My memories of primary and high school are very limited. Being the kind of kid who actually wanted to learn, never had a single detention and cried the one time she forgot to bring her homework in (recounting this is all kinds of embarrassing), I had a fairly rough time, and for the most part have deliberately blocked out large swathes of memories.
One thing I do remember in a lot of detail, however, is history classes. From year 2 (ages six and seven) onwards, I can remember a lot of detail about the history I learned: the subject captured my imagination from an early age, and has been a passion and obsession every since.
I’ve just finished a degree in English and – you guessed it! – history, and I firmly believe that (whatever the media/science students/your Dad might say), the study of history is very important. I’m not for a moment about to suggest that it should become a compulsory subject in KS4 (ages 14 to 16), but I honestly believe that the history that is taught until then should not be about learning the details, dates, or names: it should be about capturing the imagination. There is no point in trying to teach grand concepts or big ideas or boring, boring details to younger students because they will never remember them, and it will bore them to tears.
The English National Curriculum for history has been overhauled again and again over the past few months, and historians, politicians and teachers have spent an eternity debating Michael Gove’s history curriculum. It has, variously, been accused of being too detailed, not detailed enough, too British-focused, and not British enough. Questions have been asked about teachers’ potential to offload this information, but no one (as far as I can tell) has stopped to ask if what they are going to teach will actually be interesting to the pupils.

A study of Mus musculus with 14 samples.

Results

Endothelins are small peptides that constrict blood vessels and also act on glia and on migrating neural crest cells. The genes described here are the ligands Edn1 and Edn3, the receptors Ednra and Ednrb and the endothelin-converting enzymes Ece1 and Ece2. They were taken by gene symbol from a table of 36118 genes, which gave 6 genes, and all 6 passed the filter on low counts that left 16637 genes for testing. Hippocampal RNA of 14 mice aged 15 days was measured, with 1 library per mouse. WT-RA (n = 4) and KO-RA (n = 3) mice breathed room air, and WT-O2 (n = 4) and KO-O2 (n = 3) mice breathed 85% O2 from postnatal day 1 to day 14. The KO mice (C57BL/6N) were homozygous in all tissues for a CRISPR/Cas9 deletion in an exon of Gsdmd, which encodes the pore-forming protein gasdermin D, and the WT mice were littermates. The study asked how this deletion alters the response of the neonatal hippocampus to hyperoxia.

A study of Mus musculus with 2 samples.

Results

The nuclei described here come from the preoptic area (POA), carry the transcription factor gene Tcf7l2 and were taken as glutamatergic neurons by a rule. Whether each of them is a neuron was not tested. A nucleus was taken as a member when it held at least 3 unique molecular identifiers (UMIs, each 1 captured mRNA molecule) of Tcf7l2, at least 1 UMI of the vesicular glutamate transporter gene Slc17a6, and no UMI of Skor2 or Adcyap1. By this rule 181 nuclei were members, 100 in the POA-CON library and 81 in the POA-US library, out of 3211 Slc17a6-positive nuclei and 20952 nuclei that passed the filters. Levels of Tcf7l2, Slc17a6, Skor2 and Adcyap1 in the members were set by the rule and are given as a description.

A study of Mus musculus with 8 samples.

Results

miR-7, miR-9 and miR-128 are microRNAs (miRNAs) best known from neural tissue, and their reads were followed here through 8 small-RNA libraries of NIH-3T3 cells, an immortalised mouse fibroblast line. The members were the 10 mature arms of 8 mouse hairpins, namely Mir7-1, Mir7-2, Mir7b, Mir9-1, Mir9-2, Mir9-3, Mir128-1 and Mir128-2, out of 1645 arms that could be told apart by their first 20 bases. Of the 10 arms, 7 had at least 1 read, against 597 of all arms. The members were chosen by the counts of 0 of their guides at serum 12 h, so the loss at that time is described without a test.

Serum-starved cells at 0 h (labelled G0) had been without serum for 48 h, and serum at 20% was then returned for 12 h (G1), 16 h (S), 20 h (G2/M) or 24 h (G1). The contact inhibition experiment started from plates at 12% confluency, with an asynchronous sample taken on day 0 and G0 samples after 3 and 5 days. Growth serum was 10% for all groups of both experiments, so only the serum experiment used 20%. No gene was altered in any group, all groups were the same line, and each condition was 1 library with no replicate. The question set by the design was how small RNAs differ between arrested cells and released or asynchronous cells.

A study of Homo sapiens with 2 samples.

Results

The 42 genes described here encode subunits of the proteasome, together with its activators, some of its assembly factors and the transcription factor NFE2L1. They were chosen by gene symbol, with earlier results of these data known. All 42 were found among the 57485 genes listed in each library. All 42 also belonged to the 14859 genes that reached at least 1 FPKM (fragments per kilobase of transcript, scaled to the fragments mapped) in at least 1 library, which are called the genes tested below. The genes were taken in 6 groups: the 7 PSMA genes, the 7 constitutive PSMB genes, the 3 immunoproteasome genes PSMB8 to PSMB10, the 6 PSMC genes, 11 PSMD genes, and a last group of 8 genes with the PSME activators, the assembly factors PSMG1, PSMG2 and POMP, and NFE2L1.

If you can interest pupils in history at an early age, they are more likely to want to study it later. The kind of history it seems to me that Michael Gove wants taught will not do that; and as the cost of degrees rises, people are likely to becoming increasingly unwilling to spend vast sums of money on humanities degrees. Put simply, people are less likely to want to give a shit about the history of the world in which they live. While school history may not majorly affect pupils’ world-views, I think that their levels of interest in it will affect their wider interest in understanding the world around them as they grow older. The choices we make for our future are largely dictated by our understanding of the past, and I do sometimes wonder whether politicians would make the decisions they do if they had a more nuanced knowledge of history.
In school, I learned about (in order, from years 2 to 9, when history teaching was compulsory): the Victorians, Florence Nightingale, the Crimean War, the Romans, the Anglo-Saxons, the Vikings, the Ancient Greeks, the Ancient Egyptians, the Tudors, the Second World War, the development of Britain post 1950, the medieval period (booooooring), the Tudors (again), the slave trade, the industrial revolution and the causes of the first world war. Of course, I remember very few of the actual details involved, but I remember these topics above all others I was taught in school because the teachers made the subjects engaging and because I wanted to know more.
Having just gained a very good degree in History, I could not tell you when the Magna Carter was signed. Nor could I tell you the date of the collapse of the Roman Empire, or anything in particular about the Ancient Egyptians. I cannot keep up with The White Queen on TV because I last studied the Wars of the Roses when I was nine.
But I don’t honestly think that’s the point. I think that the point is that the history I was taught in school swept me away on a tidal wave of past worlds and made me want to know more. Having looked at the proposed curriculum for kids in school these days, I could not honestly say that the same would be true were I in their shoes.